Updated: Sep 27
In a time of extreme measures such as social distancing in order to protect the population from potentially devastating outcomes due to COVID-19, people are turning to technology now more than ever for advanced healthcare and support. In addition to telemedicine, one form of technology that has already seen rapid growth over the past year and is expected to see even more investment in the coming year, is extended reality (or XR) technologies. Extended reality such as virtual reality (VR) or augmented reality (AR), can help patients (and people in general) who are unable to leave their homes for safety reasons. According to XRHealth, VR technologies can offer assistance and support to patients in isolation as well as medical care they might not be able to access otherwise. Artificial intelligence (AI) is also starting to take off in medicine. This could also mean lessening the work-load of overextended health care workers.
Having spent the first part of my career as a design engineer for an orthopedic company designing hip and knee implants, I know first-hand how good it can feel to work for a company that’s producing a product that can truly help people. Now, in the voice over industry, I can help by informing or guiding people that may be uncertain or scared. In this current epidemic situation, and in the medical industry in general, XR is a technology with a lot of potential to truly help people.
What is AR-VR?
With VR headsets, users are fully immersed in virtual environments whether for entertainment, education, marketing, medicine or therapeutic needs. AR on the other hand, adds virtual elements to the user’s view of the real world through a headset or screen, like with snapchat filters or Pokémon Go. This is a hot industry at the moment with global spending on XR technologies expected to increase by 78.5% this year – perhaps even more in light of the current epidemic.
Where does Voice Over Fit in?
In almost every application, audio is a crucial component in XR technologies. While it has been traditionally used for gaming, another huge voice industry, there is an increasing trend toward industrial applications. VR can be used to simulate dangerous environments and thus may play a vital role in training in the future, not to mention a safe alternative to in-person contact at the moment. AR can be used to boost efficiency by helping identify potential hazards and providing vital information about whatever is in front of the user.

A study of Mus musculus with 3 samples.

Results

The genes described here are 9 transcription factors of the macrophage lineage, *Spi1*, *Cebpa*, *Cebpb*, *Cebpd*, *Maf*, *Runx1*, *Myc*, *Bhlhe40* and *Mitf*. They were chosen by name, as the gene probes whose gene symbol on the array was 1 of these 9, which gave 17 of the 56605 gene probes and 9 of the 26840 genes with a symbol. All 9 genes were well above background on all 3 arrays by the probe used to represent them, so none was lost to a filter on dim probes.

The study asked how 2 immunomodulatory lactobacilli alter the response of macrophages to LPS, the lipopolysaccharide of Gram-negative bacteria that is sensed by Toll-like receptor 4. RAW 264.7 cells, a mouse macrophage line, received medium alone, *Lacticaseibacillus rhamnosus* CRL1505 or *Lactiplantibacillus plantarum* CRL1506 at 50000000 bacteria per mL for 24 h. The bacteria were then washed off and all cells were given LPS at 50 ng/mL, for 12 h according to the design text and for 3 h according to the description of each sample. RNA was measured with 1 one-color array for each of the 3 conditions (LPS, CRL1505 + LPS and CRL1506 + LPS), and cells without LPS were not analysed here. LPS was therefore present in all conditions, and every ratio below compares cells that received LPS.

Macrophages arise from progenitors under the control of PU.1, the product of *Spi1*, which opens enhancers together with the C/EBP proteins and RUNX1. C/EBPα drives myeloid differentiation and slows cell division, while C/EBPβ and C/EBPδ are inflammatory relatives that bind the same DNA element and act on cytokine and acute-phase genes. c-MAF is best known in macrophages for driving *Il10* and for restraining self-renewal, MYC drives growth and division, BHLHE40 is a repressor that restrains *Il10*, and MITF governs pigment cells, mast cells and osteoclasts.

What about the Medical Industry?
VR has already been used for therapeutic purposes to treat people with anxiety and phobias as well as help people with autism learn about social cues. It can also be used for diagnostic purposes. AR in health care is expected to grow 38% every year until 2025. Potential applications include helping surgeons both in the theatre and in training, guiding users to defibrillator devices, helping nurses locate veins, among others. These trends in advancements are likely to continue to increase as they will help cut costs and improve patient outcomes. Not only that, as XR technologies become more common and accessible, medical services offered through them will be more easily distributed. Given the current need for technological solutions, XR can provide a telehealth platform for diagnostic and treatment purposes.
AI in Medicine
Over the past year, AI has played an increasingly large role in medicine. In health, AI uses algorithms to estimate thought patterns of healthcare professionals. Studies have shown that AI has been as effective (and in some cases even more effective) in diagnostics than doctors. This could have an impact in fields like pathology and radiology, where diagnostics are at the forefront. In terms of voice over trends in medicine, both AI (think Siri, Alexa, or Google assistant) and human voices are being used. The type of voice you use can influence your brand but also impact how people feel interacting with AI. In a medical setting, comforted and informed is ideal.
The Increasing Trend of Remote Education
As social distancing measures continue to be taken, schools and universities remain closed, including many medical educational institutions. As a result, people are turning to online and eLearning technologies for academic solutions. Most classes are turning virtual with lectures being given via zoom or skype. While this is the current situation, it might signal a change for the organization of the education system as we know it. While video chatting provides a temporary solution, advanced technologies such as AR and VR may the basis for restructuring the classrooms of the future.
The Heart of Healthcare
These current trends and technological advancements can offer new possibilities and hope in a world reeling from the current crisis. While continuing growth and advancement of these technologies is critical, there is still an innate need for compassion and humanity at the very heart of it all. This is something that cannot be replaced by technology. Resist the urge to fight technology - rather, walk along side it. Your voice is needed! Are you up for the challenge?
Much love and Keep on rockin' your biz.
About the Author: Anne Ganguzza is a full-time voice talent and award-winning director and producer who works with students to develop their voice over and business skills - including VO demo training and production. She specializes in Conversational Commercial and Narration styles, including Corporate, E-Learning, Technology, Healthcare - Medical, Telephony, and On-Hold. Located in Orange County, CA, Anne offers private coaching and mentoring services to students in person and via Skype, ipDTL or Zoom.